There are many names for this position: Shooting guard, two guard or even off guard. But they all require one thing -- a player who can score, and ideally someone who can score in as many ways as possible. College coaches covet a two guard who can shoot the ball with range (from 3-point distance), drive the ball to the rim and also show a mid-range game.
A shooting guard needs to have size, length and athleticism. If he has good strength and power, that is an added bonus. Ideally, a shooting guard is a good ballhandler and passer who can relieve pressure from the point guard.
There are two offensive factors that separate the good shooting guard from the great one. The first is whether he can shoot on the move. If a shooting guard can knock down the open standstill jumper and also shoot off movement and screens, he becomes very dangerous. The second factor is whether a guard can create his own shot. If he has deep range and can create his own shot off the dribble, he becomes a very difficult matchup.
A shooting guard must be able to defend. There are so many talented guards in every league in the country that it is imperative for a two guard to be able to defend his position. He must have good lateral quickness to stop the drive, be able to run and fight through screens and be tough-minded enough to work for 40 minutes to guard the position.
Good guard play is essential in college, and top-flight guards can dominate during the NCAA tournament. Guards who can shoot, handle and pass can control a college game.
The shooting guard position in the NBA has many high-profile players. Michael Jordan played primarily as a two guard. He is an example of a player who could do it all: Shoot, drive, create and defend. Reggie Miller, Ray Allen and Michael Redd are examples of the "catch and shoot" shooting guards. Richard Hamilton is a "catch and shoot" guy who also can take you off the dribble and has an excellent mid-range game, while Kobe Bryant is more like Jordan, since he can shoot, drive, create and defend.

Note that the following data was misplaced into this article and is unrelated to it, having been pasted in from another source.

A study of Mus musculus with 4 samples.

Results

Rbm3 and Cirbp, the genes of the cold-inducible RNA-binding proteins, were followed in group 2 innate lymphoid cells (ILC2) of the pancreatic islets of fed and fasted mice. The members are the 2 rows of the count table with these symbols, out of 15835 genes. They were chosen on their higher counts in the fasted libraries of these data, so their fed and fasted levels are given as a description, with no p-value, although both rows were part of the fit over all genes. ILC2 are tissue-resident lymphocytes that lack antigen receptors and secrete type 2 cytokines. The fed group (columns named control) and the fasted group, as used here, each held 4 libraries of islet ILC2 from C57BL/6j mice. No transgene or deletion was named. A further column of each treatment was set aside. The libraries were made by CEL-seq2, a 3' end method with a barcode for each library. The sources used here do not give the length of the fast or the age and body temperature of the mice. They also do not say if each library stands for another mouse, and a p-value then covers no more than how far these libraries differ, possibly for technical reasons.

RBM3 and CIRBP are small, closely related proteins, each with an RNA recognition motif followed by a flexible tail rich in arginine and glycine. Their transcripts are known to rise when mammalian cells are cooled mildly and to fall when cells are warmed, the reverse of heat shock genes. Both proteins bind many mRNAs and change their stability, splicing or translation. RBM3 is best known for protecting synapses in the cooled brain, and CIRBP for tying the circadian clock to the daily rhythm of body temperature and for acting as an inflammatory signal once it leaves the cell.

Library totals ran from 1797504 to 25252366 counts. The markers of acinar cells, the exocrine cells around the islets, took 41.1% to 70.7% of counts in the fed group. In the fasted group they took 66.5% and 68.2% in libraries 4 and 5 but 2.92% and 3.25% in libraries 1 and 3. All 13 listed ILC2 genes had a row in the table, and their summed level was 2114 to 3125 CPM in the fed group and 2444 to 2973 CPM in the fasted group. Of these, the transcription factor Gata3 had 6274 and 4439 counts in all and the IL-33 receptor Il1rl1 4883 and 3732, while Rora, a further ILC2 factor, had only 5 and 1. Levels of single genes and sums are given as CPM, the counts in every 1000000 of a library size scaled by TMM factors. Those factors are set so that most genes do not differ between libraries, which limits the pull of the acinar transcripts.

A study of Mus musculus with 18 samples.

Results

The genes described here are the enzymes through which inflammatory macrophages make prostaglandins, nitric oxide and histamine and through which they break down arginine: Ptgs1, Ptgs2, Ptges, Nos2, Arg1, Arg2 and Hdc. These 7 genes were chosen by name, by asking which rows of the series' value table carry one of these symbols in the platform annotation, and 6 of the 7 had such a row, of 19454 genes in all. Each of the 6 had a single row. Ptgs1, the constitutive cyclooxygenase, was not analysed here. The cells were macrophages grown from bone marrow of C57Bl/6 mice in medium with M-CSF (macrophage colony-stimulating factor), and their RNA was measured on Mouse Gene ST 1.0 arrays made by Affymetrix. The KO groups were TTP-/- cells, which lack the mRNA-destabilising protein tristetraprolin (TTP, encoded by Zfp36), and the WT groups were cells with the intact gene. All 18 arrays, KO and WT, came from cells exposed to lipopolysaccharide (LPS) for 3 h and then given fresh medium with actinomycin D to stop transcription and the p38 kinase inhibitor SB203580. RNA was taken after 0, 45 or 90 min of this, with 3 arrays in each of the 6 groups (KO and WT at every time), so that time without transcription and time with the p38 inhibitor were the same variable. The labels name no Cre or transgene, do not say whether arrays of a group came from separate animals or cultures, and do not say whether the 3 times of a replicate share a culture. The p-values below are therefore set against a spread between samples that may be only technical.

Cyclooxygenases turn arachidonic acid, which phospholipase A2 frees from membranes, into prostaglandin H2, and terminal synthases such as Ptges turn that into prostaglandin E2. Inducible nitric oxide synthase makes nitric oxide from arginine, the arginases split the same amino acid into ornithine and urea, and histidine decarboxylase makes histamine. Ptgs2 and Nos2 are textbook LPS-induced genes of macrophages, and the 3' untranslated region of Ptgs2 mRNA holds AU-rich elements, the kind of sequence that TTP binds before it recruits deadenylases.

Shooting Guard Grading System
Recruiting Nation will evaluate shooting guards on the following criteria:
1. Scoring: Does the player have scoring versatility? Can he score from the perimeter and also drive the ball to the rim? Can he penetrate and get to the foul line? Can he create his own shot when the offense breaks down or the shot clock is running down?
2. Shooting: How deep is the player's range? Can he shoot the 3-pointer? Can he shoot off the move (catch and shoot)? Can he take his man off the dribble and score with a mid-range game?
3. Size and strength: How tall is the prospect? What kind of length does he have? How strong and physical is he?
4. Defensive toughness: Does the player have the physical and mental toughness to defend some of the top scorers in the game? It is imperative to be able to defend at this position.
5. Ballhandling and passing: Can the prospect handle the ball and be a complementary ballhandler against pressure? Can he pass, finding the open man either on the break or on drives or double teams?
6. Athleticism: What type of athlete is the player? Can he only shoot the perimeter shot, or does he have the full complement of speed, lateral quickness, running ability and jumping ability needed to run the break, defend in the half court or full-court press?
7. Mental toughness: Does the player posses the mental toughness to take the big shot? If he misses five shots in a row, does it affect his game? Does he have the poise to step to the line late in the game and knock down free throws?